Rift Valley Fever – Experimental Vaccine Formulations – Adjuvants for Stabile Modified-Live Vaccines and Subunit Vaccines
Arthropod-Borne Animal Diseases Research
2013 Annual Report
1a.Objectives (from AD-416):
The long term goal of this project is the development of vaccine platform technologies for Rift Valley fever that are suitable for use with multiple novel formulations of attenuated and inactivated or subunit vaccines. The main objectives of this proposal are: (1) To evaluate novel adjuvant formulations that will work with multiple antigen and vaccine delivery formats in cattle and sheep; and (2) To evaluate the ability of these adjuvants to provide thermal stability to the vaccines. Experimental formulations of RVF virus will be screened in mice and successful candidate formulations tested in sheep and cattle. The same successful formulations will be subjected to accelerated and real-time stability studies.
1b.Approach (from AD-416):
The National Veterinary Stockpile Recommendations list Rift Valley Fever (RVF) as the third most important agricultural threat to U.S. livestock. There are multiple vaccine candidates under development and likely more to emerge from basic research. The USDA, ARS, Arthropod-Borne Animal Diseases Research Unit (ABADRU), is involved with multiple research and development projects to select vaccines for eventual field and stockpile use. The RVF vaccines of the future need to be compatible with a Differentiate Infected from Vaccinated Animal (DIVA) control strategies. The ideal vaccine candidate should be safe and inexpensive to produce and use. The ideal vaccine candidate should also be thermostabile providing an extended in-use period where cold storage is not required.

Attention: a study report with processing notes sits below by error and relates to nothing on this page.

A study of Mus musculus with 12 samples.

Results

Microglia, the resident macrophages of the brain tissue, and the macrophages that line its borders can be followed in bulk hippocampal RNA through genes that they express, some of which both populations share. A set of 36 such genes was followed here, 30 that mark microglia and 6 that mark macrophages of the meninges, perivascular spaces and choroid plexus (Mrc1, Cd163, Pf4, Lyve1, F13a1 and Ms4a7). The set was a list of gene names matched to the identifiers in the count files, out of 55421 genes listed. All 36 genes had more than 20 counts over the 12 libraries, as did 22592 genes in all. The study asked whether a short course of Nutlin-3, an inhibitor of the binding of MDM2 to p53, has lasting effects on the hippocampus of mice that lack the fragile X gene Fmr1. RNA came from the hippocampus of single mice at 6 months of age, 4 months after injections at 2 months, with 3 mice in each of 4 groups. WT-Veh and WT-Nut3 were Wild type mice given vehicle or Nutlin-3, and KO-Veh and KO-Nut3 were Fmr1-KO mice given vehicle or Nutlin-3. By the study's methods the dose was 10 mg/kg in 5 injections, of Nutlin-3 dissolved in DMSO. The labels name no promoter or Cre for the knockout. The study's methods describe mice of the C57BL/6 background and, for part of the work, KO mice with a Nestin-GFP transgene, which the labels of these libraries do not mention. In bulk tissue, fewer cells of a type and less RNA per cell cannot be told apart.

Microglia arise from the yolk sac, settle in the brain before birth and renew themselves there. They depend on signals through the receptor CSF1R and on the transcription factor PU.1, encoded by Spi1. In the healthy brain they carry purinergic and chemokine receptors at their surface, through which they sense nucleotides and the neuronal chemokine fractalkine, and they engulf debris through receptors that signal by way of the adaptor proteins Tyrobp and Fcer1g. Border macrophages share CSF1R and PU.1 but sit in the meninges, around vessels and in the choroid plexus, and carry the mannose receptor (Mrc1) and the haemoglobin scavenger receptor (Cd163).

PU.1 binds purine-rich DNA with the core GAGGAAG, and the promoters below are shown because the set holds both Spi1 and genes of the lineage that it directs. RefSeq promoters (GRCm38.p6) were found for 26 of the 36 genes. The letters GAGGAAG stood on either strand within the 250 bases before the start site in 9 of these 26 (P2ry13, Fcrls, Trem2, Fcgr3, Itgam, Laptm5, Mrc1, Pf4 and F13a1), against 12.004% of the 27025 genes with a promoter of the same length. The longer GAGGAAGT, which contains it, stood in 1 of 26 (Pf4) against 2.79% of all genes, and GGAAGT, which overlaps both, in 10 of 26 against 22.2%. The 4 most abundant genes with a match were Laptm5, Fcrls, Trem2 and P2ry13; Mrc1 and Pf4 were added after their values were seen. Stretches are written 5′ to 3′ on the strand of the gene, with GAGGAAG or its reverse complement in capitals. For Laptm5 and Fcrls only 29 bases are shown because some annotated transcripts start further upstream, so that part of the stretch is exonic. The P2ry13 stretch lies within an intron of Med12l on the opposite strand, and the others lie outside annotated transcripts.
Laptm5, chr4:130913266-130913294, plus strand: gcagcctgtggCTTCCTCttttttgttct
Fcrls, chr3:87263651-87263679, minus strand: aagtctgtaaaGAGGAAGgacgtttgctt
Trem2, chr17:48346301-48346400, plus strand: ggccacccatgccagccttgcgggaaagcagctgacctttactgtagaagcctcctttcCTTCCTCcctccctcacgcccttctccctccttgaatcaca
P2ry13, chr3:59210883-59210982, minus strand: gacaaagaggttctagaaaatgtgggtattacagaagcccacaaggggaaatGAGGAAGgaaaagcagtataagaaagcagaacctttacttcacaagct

This report serves to document research conducted under Specific Cooperative Agreement #58-5430-2-0357 with Kansas State University. The objective of this cooperative agreement is to develop novel adjuvants for vaccines that can protect sheep and cattle from Rift valley Fever virus infection. We have recently modified a novel commercial adjuvant that can be used in modified live virus vaccine. The stabilizing gel adjuvant has been used to formulate experimental attenuated MP-12 vaccine batches that are under stability and potency evaluation. Immunogenicity in mice will be tested soon. In addition, the adjuvant suspension has been used to develop monoclonal antibodies to midge salivary proteins. The specificity and utility of these antibodies are currently being evaluated.